Royal Ascot Provides Huge Yearly Boost To Local London Economy

Royal Ascot is an annual thoroughbred racing event which takes place in June in the racecourse with the same name. It is regarded as the most popular race meeting in the UK as it attracts over 300,000 spectators each year, more so than other in horse racing. The meeting, which is attended by the Queen, dates back to 1711 when Queen Anne founded the racecourse in Berkshire. The first ever race which took place there was in August of that year and was named ‘Her Majesty’s Plate’.

“The Royal Procession at Ascot” (CC BY 2.0) by David Jones

In 2017 there will be eight Group One races, the highest class in the sport. Over £6.5 million will be on offer in prize money as the best horses from around the world compete in their respective divisions.

According to estimates, over £100 million will be bet on the meeting as only the Cheltenham Festival in March attracts more turnover at a race meeting, while the Grand National is by far their single biggest race of the year in terms of number of bets struck and total income.

The feature race of the week is the Ascot Gold Cup where the horse known as Order of St George is the 5/2 favourite to follow up his success in the race in 2016. If you are looking to place a bet on Aidan O’Brien’s talented runner, you’d be wise to compare the odds on offer across the UK horse racing betting sites as his price varies on different domains. Of course, the bookmakers have different views on his chances of retaining his crown so a little research and comparison will be to punters’ benefit.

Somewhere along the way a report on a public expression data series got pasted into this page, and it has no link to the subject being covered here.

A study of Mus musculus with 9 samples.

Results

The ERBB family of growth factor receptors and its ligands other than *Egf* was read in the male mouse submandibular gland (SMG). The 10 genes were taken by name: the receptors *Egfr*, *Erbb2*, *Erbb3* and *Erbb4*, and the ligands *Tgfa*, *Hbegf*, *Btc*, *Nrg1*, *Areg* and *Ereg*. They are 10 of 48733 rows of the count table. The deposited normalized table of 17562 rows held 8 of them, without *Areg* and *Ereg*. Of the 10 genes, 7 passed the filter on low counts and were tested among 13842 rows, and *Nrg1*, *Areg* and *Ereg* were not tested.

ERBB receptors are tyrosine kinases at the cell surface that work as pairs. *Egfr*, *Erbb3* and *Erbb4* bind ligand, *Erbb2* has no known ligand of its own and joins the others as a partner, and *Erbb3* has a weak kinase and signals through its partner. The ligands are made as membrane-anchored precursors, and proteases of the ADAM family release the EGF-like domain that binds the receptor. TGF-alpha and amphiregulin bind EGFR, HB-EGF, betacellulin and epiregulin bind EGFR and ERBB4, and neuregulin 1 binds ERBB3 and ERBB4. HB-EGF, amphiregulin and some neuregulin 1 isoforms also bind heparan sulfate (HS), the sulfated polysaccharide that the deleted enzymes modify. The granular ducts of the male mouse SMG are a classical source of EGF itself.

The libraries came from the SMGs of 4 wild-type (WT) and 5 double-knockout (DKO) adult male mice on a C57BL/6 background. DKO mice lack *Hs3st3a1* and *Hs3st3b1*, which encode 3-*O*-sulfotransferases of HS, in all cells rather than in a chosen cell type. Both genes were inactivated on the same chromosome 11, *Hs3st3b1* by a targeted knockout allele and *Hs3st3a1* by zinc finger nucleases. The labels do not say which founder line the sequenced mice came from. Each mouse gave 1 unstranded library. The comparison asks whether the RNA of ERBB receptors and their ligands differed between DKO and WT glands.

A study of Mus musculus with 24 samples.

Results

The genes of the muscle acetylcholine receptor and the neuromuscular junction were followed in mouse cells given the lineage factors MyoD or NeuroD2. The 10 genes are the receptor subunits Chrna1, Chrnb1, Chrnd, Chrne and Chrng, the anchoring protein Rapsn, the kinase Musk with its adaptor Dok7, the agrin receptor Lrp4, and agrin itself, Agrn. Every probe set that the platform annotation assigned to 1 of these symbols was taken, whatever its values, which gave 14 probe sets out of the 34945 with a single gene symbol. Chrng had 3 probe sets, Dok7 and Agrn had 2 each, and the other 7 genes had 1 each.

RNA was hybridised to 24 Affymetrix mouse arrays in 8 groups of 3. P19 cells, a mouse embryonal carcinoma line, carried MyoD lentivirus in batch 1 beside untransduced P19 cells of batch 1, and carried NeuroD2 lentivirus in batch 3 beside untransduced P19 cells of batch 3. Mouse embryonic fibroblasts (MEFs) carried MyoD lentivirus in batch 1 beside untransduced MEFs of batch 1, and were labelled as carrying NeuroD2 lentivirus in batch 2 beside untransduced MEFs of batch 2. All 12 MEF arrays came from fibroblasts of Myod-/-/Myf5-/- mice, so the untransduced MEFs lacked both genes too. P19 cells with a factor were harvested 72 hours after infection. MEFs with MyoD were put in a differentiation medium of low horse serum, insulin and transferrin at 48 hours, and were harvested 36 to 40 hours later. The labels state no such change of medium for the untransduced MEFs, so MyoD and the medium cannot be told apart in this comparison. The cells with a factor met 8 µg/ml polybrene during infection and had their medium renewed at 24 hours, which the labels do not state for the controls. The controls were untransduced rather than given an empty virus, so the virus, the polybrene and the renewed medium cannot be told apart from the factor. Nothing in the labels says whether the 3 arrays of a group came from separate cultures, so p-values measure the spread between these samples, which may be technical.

“Royal Ascot 2015” (CC BY-SA 2.0) by ReflectedSerendipity

In 2014, the Ascot racecourse commissioned a report to look at the economic impact of the Royal meeting in June. They found that 6000 temporary staff were employed at the meeting to go with the 70 full-time workers the course employs. Due to the cleaning up task involved after each day’s racing to get the venue prepared for the next day, 2400 cleaners have to work on a 24-hour cycle throughout the week.

Not only is Royal Ascot known for its high-quality racing, it is also synonymous with fashion. The racecourse has a very strict dress code for the meeting. Most racegoers choose to hire their outfit and hat for the week which means that the lead up to Royal Ascot this is the busiest time of the year for formal wear clothing specialists in London.

Food and drink is also a huge part of the week at Royal Ascot and as mentioned in the 2014 commissioned report, the course sold 51,000 bottles of champagne, 160,000 glasses of Pimm’s, 131,000 pints of beer and 42,000 bottles of wine. 5,000 kilos of salmon were eaten, 7,000 Cornish and Folkestone Crabs were consumed, while those who were flush bought 2,900 lobsters.

With hotels and inns limited around Ascot area, many racegoers will stay in London and travel to the course by train each day. This a big boost to the hospitality industry in the nation’s capital as the majority of the approximate 300,000 spectators need somewhere to stay.

Organisers start planning for next year’s Royal Ascot as soon as the meeting finishes. It is one of the biggest sporting events to take place in the UK each year and without it, the London economy would take a big hit.